The term glazing is a specialized window term that derives from the Middle English word for glass. Even today, people who repair window glass are called glaziers, and you are likely to hear the term glazing used in a technical manner when window manufacturers refer to their window designs as being "single-glazed" or "double-glazed."
Very simply, when a window is described as being single-glazed or double-glazed, it means the window has one pane of glass or two parallel panes of glass. Some manufacturers now use more modern terms of "single-paned" or "double-paned" to identify these different styles. Windows with double panes are often said to have "thermal glass" or "insulated glass." It is also possible for windows to be triple-glazed, with three panes of parallel glass.
Especially in more extreme climates, insulated panel windows with two panes of parallel glass offer a significant advantage when it comes to the energy efficiency of the window. The idea behind double glazing is that the double panes of glass, plus the intermediate buffer zone, provide a better barrier against outside temperatures than single-paned windows. Double-glazed windows are now standard for both new construction and replacement windows. They can be engineered so there is simply dead air space in the gap between the window panes, but today it is more common that windows are designed so the space between the panes is filled with an inert gas, such as argon or xenon, which increases the resistance to energy transfer through the glass panel. Triple-glazing (three panes) is used in very harsh climates to further improve the insulating value of a window, and there are other measures that can also help increase the energy efficiency, such as applying thin coatings of special materials to one or more faces of the glass.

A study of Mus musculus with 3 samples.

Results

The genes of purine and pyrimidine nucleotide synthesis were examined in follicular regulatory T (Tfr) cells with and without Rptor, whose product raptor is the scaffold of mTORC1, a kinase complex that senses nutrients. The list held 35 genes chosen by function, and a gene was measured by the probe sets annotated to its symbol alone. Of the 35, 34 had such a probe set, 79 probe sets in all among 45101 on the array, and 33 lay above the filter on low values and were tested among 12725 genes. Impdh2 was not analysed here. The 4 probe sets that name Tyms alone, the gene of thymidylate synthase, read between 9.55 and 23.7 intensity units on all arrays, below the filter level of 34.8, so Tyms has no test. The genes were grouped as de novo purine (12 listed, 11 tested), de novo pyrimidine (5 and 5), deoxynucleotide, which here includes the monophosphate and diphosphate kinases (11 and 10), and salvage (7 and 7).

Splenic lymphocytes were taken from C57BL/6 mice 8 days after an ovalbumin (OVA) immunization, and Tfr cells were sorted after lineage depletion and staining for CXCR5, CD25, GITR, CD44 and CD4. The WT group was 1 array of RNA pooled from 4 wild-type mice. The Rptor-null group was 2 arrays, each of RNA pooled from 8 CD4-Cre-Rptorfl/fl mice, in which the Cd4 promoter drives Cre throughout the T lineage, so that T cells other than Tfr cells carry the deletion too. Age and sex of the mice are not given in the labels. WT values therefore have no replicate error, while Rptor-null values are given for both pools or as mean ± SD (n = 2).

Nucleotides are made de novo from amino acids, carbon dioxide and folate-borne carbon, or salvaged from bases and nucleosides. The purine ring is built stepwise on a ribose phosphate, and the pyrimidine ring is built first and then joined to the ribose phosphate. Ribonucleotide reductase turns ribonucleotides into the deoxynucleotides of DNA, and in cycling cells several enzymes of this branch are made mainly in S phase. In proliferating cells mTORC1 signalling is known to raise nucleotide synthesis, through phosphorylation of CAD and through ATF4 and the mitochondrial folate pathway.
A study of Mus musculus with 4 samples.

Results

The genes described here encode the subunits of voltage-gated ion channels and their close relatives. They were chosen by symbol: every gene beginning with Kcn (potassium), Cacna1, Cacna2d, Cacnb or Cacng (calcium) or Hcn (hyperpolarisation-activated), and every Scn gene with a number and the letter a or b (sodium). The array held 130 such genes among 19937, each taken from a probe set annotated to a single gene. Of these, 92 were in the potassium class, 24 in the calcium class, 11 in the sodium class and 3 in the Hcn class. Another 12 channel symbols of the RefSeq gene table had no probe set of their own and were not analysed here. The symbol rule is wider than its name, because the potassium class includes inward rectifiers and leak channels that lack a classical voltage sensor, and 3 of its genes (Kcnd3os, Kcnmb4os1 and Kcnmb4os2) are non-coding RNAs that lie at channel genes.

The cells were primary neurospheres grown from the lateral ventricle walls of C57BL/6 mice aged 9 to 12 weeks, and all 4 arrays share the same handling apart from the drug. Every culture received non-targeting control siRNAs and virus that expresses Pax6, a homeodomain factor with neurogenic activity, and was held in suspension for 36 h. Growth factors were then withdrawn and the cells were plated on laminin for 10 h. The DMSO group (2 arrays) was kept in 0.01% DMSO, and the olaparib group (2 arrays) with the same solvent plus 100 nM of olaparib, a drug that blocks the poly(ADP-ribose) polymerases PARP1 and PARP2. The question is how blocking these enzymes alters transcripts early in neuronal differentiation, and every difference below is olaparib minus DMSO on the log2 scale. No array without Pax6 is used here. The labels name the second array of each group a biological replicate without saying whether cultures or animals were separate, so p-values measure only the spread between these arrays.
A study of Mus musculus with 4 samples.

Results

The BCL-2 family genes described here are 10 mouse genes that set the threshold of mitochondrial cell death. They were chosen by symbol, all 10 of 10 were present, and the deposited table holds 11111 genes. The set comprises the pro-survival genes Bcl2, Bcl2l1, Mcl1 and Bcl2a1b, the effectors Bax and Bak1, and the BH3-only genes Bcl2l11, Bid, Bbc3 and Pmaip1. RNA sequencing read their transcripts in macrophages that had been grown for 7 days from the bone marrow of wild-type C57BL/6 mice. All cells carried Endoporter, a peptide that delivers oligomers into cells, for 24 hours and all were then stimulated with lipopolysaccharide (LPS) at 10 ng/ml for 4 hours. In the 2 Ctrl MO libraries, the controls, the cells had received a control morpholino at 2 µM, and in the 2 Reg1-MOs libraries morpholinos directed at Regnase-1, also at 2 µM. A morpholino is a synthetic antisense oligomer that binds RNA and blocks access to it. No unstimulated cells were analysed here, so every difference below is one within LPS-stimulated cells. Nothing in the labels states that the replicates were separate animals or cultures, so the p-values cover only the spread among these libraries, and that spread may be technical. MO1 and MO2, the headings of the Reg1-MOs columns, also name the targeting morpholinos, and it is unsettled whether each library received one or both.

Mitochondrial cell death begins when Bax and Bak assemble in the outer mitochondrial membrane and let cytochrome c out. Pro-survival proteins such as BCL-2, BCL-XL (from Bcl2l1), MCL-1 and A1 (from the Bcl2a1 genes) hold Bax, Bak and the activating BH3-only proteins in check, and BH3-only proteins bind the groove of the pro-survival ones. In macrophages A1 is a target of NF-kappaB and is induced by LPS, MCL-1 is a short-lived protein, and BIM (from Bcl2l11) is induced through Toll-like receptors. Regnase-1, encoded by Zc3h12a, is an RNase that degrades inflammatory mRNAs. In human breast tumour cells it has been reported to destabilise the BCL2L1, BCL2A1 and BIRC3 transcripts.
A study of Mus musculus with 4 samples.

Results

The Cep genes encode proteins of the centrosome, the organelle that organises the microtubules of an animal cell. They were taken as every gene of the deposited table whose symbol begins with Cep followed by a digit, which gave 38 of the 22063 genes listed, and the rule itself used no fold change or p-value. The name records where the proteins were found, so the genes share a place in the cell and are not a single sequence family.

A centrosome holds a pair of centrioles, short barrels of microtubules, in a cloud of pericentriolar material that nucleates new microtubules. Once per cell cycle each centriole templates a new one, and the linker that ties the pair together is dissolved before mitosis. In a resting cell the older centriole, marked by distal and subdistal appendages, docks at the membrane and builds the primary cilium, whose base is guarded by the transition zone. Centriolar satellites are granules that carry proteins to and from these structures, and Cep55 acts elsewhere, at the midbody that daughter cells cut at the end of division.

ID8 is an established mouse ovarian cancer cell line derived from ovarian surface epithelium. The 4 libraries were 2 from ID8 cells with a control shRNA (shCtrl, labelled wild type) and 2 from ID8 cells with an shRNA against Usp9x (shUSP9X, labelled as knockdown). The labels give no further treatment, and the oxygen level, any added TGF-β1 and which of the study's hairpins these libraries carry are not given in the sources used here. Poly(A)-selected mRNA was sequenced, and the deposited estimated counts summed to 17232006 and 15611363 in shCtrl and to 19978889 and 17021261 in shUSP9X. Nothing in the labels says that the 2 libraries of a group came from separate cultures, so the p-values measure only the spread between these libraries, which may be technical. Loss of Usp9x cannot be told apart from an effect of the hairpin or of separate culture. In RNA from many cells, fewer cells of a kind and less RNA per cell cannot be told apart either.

The insulating value of a window can be measured in a number of different ways. Most commonly is the R-value system, a measurement of material's resistance to energy transfer. In this system, the higher the R-value, the greater the resistance and the higher the insulating value.
The insulating advantage of double-glazing becomes obvious from the tested R-value of various window designs. By comparison, a standard 2 x 4 stud wall with batt insulation and wallboard and wood siding as an R-value of R-12 to R-15.
- Single pane: R-value 0.9
- Double pane with .5" air space: R-value 2.04
- Triple pane with .5" air space: R-value 3.22
- Double-pane with argon and low-E coating: R-value 3.846
- Triple-pane with argon and low-E coating: R-value 5.433
Today's glazing options can create windows that have almost the same insulating value as walls themselves. The production window with the highest R-value currently available is from Alpen Windows, and is described as a "heat mirror insulating glass window with three heat mirror films suspended inside of an insulating glass unit, creating four air spaces, with xenon gas filling." The R-value of this astounding window is R-20. It's better than a standard 2 x 4 wall filled with fiberglass batt insulation.